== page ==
Abdulrahman Al-Amri, chairman of the G20 Education Working Group

Abdulrahman Al-Amri
Short Url
Updated 28 June 2020

Abdulrahman Al-Amri, chairman of the G20 Education Working Group

Abdulrahman Al-Amri is the chair of the G20 Education Working Group.

He is also an assistant professor in the department of linguistics and translation studies at King Saud University. Most of his research focuses on speech perception and word recognition in Semitic languages, especially Arabic.

He also works on child language research and developmental language disorders.

Al-Amri holds a bachelor’s degree in English and a master’s degree in applied linguistics from King Saud University.

He also holds a master’s degree in linguistics, which he received in 2011, and a Ph.D. in psycholinguistics, completed in 2017, both from the University of Ottawa.

Al-Amri has more than 10 years’ experience in teaching.

He worked as an English language instructor for the Royal Saudi Air Force between December 2006 and August 2008.

He then worked as a lecturer at King Saud University between September 2008 and 2017, and also served as assistant professor of  psycholinguistics in the department of linguistics at the university from September 2017 until now.

In Thursday’s T20 Virtual Conference, Al-Amri used the panel discussion to talk about how the COVID-19 pandemic has affected the education sector.

“Like many other sectors, education was highly affected by the outbreak. 1.6 billion students (91 percent of all students globally) were impacted by school closure. 195 countries either reduced local or nationwide closure of schools,” he said.

He added: “There has not been an instance in modern history where the education ecosystems have experienced such a shock. Many issues were associated with the shift to alternative solutions, including limited internet connectivity and distance learning capabilities, especially in less-developed countries.”

Referring to responses by countries, he said there needed to be a united global effort.

“Both governments and international organizations should mobilize unique and innovative solutions to mitigate the impact of COVID-19,” he added.

He said that many countries and international organizations, including UNESCO, the World Bank, and UNICEF have contributed solutions.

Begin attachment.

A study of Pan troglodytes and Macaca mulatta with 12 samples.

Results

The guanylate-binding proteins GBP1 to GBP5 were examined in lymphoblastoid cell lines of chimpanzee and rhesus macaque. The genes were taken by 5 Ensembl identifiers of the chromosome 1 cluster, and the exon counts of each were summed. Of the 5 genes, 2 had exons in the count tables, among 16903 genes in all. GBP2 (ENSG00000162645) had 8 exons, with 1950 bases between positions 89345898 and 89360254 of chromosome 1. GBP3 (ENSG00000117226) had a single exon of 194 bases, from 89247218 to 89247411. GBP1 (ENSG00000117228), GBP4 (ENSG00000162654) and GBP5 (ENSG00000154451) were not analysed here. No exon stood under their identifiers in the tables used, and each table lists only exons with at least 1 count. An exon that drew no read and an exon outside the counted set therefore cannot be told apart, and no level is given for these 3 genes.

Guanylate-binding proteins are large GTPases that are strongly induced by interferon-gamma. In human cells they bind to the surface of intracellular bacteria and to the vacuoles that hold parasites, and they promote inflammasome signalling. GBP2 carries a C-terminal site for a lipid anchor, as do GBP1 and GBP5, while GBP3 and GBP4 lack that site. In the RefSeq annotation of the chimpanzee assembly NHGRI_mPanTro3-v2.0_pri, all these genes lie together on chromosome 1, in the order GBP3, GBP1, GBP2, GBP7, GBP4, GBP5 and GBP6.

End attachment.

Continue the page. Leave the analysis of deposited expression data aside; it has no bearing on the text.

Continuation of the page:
Al-Amri added that responses by G20 countries to mitigate the impact of the pandemic have been varied.

“There is a variety of changes; activating distance learning solutions, implementing countrywide closures of schools, and providing students, parents, and educators with the social support they need to cope with distance learning measures.”

$800bn plan to turn Riyadh into cultural hub for the Middle East

Updated 8 min 33 sec ago

$800bn plan to turn Riyadh into cultural hub for the Middle East

  • Saudi capital’s planning chief unveils ambitious strategy ahead of G20 urban development summit

DUBAI: Saudi Arabia is launching a SR3 trillion ($800 billion) plan to double the size of Riyadh in the next decade and transform it into an economic, social and cultural hub for the region.

The ambitious strategy for the capital city was unveiled by Fahd Al-Rasheed, president of the Royal Commission for the City of Riyadh, ahead of key meetings of the U20, the arm of the G20 leaders’ summit that deals with urban development and strategy.

“Riyadh is already a very important economic engine for the Kingdom, and although it’s already very successful, the plan now, under Vision 2030, is to actually take that way further, to double the population to 15 million people,” he told Arab News.

“We’ve already launched 18 megaprojects in the city, worth over SR1 trillion, over $250 billion, to both improve livability and deliver much higher economic growth so we can create jobs and double the population in 10 years. It’s a significant plan and the whole city is working to make sure this happens.”

About $250 billion in investment is expected from the private sector, with the same amount generated by increased economic activity from population growth, finance and banking, cultural and desert tourism, and leisure events.

“We must also ensure the growth is managed properly, so there will be a focus on transport and logistics, including the Riyadh metro which will open at the beginning of next year. The aim is to increase productivity,” Al-Rasheed said.

The plan involves the creation of a “mega industrial zone” focusing on advanced technology such as renewables and automation, and biotechnology and aquaponics. Another key feature is sustainability, with energy conservation, the circular carbon economy with its emphasis on reducing emissions, and water management, all priorities.

“You will see 7 million trees planted in Riyadh in the next few years, and King Salman Park will be bigger than Hyde Park in London,” Al-Rasheed said.


  • 18 megaprojects have already been launched worth over $250 billion.
  • 7 million trees planted in Riyadh in the next few years.
  • King Salman Park will be bigger than Hyde Park in London.

The city also aims to be a Middle East artistic and cultural hub. An opera house is being considered, as well as public art shows with 1,000 works commissioned from around the world. “We have not seen anything like it since Renaissance Florence,” Al-Rasheed said.

The plans will be discussed this week during online meetings of the U20 linking Riyadh with Houston. The Texas oil capital is suffering a new spike in coronavirus cases and pandemics will be on the agenda. “We want to deal with this one, but also be ready for the next one,” Al-Rasheed said.